Sunday, October 4, 2009


So, I've procrastinated this long enough. Time to roll up my sleeves and get back to blogging. Yes, I'm still in the long process of settling after the move. No, I'm not done yet. I'm having camera issues in the interim, so if I do get some snaps off, they will be of dubious quality, be warned. I just can't neglect this any more, and I love sharing the work I'm doing, even if I don't have pictures at hand.

My mom, dad, and sis came out to the house this weekend, which was a treat. I got to cook for everyone, and mom helped out as my sous-chef fry lady. We rocked out a never-ending stack of ruffle-cut kettle chips & fried okra fingers (with homemade remoulade, because I love making it). We also had a bit of black-eyed peas, which mom also helped with, and some trout I bought from Grow Alabama.

This is where the story is funny. See, I knew my trout was whole, and I figured it would be a snap to fillet it out. Well, not quite. I'm not at that level of awesome quite yet unfortunately. Instead of fillets though, I decided to stuff the trout with herbs, squash, and shallots and pouch steam them with some brown butter. There was just one catch - I underestimated my sister's aversion to icky fish skin! Now, if you don't like the stuff you can easily peel it away so that's not a problem. Still, it got me thinking.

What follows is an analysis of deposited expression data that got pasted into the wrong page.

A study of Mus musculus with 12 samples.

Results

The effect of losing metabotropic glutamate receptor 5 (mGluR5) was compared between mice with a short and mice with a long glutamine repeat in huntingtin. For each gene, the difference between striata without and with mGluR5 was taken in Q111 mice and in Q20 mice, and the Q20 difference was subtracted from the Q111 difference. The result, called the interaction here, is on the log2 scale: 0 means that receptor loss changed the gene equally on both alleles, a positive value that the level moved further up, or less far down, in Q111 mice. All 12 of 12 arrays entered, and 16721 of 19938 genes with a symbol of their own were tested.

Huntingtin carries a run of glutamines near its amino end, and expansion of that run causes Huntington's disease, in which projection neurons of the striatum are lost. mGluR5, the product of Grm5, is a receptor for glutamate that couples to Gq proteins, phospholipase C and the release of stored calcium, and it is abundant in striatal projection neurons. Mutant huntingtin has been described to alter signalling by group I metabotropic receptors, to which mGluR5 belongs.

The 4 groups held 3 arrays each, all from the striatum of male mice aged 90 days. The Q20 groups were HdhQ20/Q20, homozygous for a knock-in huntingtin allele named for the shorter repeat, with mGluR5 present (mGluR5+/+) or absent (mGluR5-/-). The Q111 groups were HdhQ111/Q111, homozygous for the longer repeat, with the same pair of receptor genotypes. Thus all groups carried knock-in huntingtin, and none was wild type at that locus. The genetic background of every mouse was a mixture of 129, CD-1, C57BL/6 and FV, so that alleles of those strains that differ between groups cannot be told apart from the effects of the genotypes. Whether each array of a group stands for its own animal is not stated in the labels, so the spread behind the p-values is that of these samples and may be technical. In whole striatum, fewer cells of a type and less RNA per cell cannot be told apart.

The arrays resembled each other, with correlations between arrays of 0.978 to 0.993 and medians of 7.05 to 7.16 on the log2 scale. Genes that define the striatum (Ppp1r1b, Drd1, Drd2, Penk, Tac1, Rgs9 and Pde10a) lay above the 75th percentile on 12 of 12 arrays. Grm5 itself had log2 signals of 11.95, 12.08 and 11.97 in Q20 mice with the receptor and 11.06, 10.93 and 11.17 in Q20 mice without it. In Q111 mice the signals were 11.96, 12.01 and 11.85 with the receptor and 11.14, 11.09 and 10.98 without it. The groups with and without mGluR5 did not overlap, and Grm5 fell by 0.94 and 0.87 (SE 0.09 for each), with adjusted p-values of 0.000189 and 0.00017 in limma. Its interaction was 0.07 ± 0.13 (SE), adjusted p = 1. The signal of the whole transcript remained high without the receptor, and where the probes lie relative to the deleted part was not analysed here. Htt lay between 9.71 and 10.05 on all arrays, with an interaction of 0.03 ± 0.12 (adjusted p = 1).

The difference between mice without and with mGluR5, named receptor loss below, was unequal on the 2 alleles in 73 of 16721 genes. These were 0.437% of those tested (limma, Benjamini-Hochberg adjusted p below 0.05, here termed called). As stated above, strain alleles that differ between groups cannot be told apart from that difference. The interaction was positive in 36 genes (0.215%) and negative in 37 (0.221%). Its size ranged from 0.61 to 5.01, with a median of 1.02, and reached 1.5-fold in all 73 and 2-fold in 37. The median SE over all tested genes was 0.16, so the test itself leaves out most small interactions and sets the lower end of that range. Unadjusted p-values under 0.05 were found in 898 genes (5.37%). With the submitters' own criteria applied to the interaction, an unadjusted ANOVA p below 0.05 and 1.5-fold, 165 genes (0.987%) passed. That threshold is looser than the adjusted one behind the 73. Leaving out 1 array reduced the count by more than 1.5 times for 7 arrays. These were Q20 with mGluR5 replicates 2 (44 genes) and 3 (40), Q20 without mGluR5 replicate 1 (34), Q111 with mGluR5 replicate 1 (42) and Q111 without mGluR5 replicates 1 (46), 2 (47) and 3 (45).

We're living in a boneless, skinless dystopia, and in a world where people put bacon on all sorts of inappropriate dishes, how are people still hesitant about eating fish skin and chicken skin? It's connective tissue, salt, and fat. It comes together to not only form a deliciously crunchy layer on pan-seared and roasted dishes, but it also holds in moisture. People opt for skinless meat, realize they're often eating dry meat, and overcompensate with sauces and marinades. I would shrug it off if so many of them weren't looking down their nose at skin and the added fat in it, when their sauce is often loaded with the stuff.

This isn't in any way a slight to my sister. She thought what I thought the first time I was confronted by skin on a fish. (1) Ew gross and (2) How do I get it off. All I'm hoping for is that more people give skin a chance, and pack their bags to Flavor Country.


deedles said...

Thank you for your wonderful dinner and delightful company....the meal was wonderful and I can't wait for many more. i love you.

Pode said...

You make an interesting point, Charley. It'll certainly be something I consider next time the situation to skin my meat arises.